Thursday, April 08, 2010

The Wasteland at the End of the Street

The shopping district in our neighborhood has two main streets. Germantown Avenue, the older of the two, follows an old Indian trail (later a turnpike) starting from the oldest part of the city and meandering through Northwest Philadelphia and into suburbs that were once countryside. Its shops are struggling or abandoned in many places now, but it was once a major retail center in many of the neighborhoods that it touched.

Crossing Germantown Avenue, about three blocks from where I live, is Chelten Avenue. Chelten Avenue is straight, running roughly east to west. Going west from Germantown Avenue to Wayne Avenue (another major cross street), Chelten passes through our main shopping district. It ends about half a mile west of Wayne Avenue. At its west end is Alden Park Manor, an impressive apartment complex that was the first co-op apartment in Philadelphia.

For most of the distance between Germantown and Wayne Avenues, Chelten Avenue retains the air of an urban shopping street. The shops are close together and easily reached on foot. Many are owner-operated and actually provide the kind of personal service that big box stores claim to offer.

But, like many urban shopping streets, Chelten Avenue is in trouble. It has lost the mid-size department store that anchored it at one end in the glory days. The smaller department store at the midpoint of the district is long gone, replaced by a charter school with discount stores at street level. Competition from big box stores and the current recession have left many of the shops closed and shuttered. And at its west end, the district has been hurt by poor design and planning choices.

The western anchor of the district has for many years been a supermarket with its attendant parking lot. The supermarket is still there and doing good business. Its parking lot fronts on the street, but it has done this for many years. The problems at the end of the district lie on the other three corners of the intersection.

Directly across Wayne Avenue from the supermarket is a building that once housed a local branch of Sears, Roebuck. The Sears branch closed about 25 years ago when Sears decided to close smaller local branches and concentrate on the suburbs. This was bad for Chelten Avenue, as it was for many other urban shopping streets with small Sears branches.

Diagonally across from the supermarket is a school designed, or so it appears, chiefly for security. It resembles nothing so much as a prison built of the reinforced concrete that was fashionable during the 1970s. One can imagine it withstanding intensive shelling. It is now a successful charter school. The new proprietors have improved the color scheme, planted trees, and done extensive landscaping. They have done their best, but even their best efforts cannot overcome the building's design problems. Among those problems is a featureless wall that runs along Wayne Avenue for more than half of a city block.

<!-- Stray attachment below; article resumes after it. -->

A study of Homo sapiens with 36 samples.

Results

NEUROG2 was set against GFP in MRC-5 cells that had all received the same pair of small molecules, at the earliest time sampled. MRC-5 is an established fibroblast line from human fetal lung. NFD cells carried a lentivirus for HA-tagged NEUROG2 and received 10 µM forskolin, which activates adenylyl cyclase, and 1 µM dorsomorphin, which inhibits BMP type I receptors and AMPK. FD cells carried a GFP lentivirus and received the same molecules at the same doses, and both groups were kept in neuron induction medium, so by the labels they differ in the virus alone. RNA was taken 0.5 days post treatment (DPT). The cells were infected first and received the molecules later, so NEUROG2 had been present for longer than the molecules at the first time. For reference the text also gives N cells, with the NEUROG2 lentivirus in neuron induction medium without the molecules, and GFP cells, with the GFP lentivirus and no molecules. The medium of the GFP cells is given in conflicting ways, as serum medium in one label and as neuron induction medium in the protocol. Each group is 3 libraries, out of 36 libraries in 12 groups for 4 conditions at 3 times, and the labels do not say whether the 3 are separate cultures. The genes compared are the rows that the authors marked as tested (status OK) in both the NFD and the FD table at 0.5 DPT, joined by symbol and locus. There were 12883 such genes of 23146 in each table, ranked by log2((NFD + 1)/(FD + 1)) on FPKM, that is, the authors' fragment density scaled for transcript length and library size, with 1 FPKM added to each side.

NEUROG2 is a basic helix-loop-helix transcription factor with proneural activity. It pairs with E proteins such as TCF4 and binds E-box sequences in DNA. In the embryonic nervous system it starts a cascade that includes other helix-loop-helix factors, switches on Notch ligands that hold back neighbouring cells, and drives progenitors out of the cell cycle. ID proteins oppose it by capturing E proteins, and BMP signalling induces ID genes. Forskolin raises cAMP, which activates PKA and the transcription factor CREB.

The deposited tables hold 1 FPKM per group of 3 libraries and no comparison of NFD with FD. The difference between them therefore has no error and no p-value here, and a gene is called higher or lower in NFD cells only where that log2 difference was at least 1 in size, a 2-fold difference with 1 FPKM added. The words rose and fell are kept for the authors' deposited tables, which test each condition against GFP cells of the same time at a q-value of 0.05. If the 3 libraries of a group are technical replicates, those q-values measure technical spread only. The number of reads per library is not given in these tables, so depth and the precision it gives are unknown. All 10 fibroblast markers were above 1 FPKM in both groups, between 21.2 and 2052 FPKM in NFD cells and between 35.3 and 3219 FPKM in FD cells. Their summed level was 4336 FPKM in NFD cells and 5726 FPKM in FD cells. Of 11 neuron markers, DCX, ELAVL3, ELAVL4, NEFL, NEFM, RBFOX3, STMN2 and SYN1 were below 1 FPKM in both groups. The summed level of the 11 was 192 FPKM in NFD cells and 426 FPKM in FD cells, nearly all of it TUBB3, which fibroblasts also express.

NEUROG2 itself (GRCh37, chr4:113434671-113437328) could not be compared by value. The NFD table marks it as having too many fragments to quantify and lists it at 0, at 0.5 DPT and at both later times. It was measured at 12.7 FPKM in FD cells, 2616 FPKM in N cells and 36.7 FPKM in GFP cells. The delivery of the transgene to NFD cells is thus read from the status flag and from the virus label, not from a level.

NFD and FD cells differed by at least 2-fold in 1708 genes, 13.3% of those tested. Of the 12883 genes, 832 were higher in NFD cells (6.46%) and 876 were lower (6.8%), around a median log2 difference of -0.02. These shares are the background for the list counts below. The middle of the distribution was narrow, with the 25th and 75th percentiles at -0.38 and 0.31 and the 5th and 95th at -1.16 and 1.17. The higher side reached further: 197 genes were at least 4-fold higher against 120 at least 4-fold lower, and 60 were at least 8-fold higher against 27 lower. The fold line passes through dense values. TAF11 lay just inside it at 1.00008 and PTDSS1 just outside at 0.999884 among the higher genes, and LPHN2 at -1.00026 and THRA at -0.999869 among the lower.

Across Chelten Avenue from the supermarket is a Burger King with its attendant parking lot. After a record-breaking snowstorm in February of this year, Burger King carefully plowed its parking lot but did not clear its sidewalks—this, in a neighborhood that is still one of the most walkable in the city, and on a street where, despite its problems, there is still a great deal of foot traffic.

The west end of our shopping district has become a wasteland of parking lots and blank walls, with yet another fast food franchise under construction in the old Sears parking lot.

Germantown is in fact a strong, beautiful and walkable neighborhood, with history, trees, gardens, and a diverse population. It has many active neighborhood associations, several good schools, and major churches with good community programs. It is an interesting place to live.

But, like many neighborhoods, it survives in spite of our planning (or lack of planning, which is itself a kind of planning-by-default), not because of it. What happened to Chelten Avenue in the last thirty years is repeated in neighborhoods and suburban towns throughout the country: competition from malls and big box stores hurt the local shops. The need for parking damaged the streetscape and made walking less attractive.

The sad part is that we cannot go on like this. Fuel costs even now are discouraging driving and making walkable neighborhoods more desirable. The future of the classic suburban shopping mall is in doubt. We are going to need our neighborhood shopping districts. The question is whether we will have them.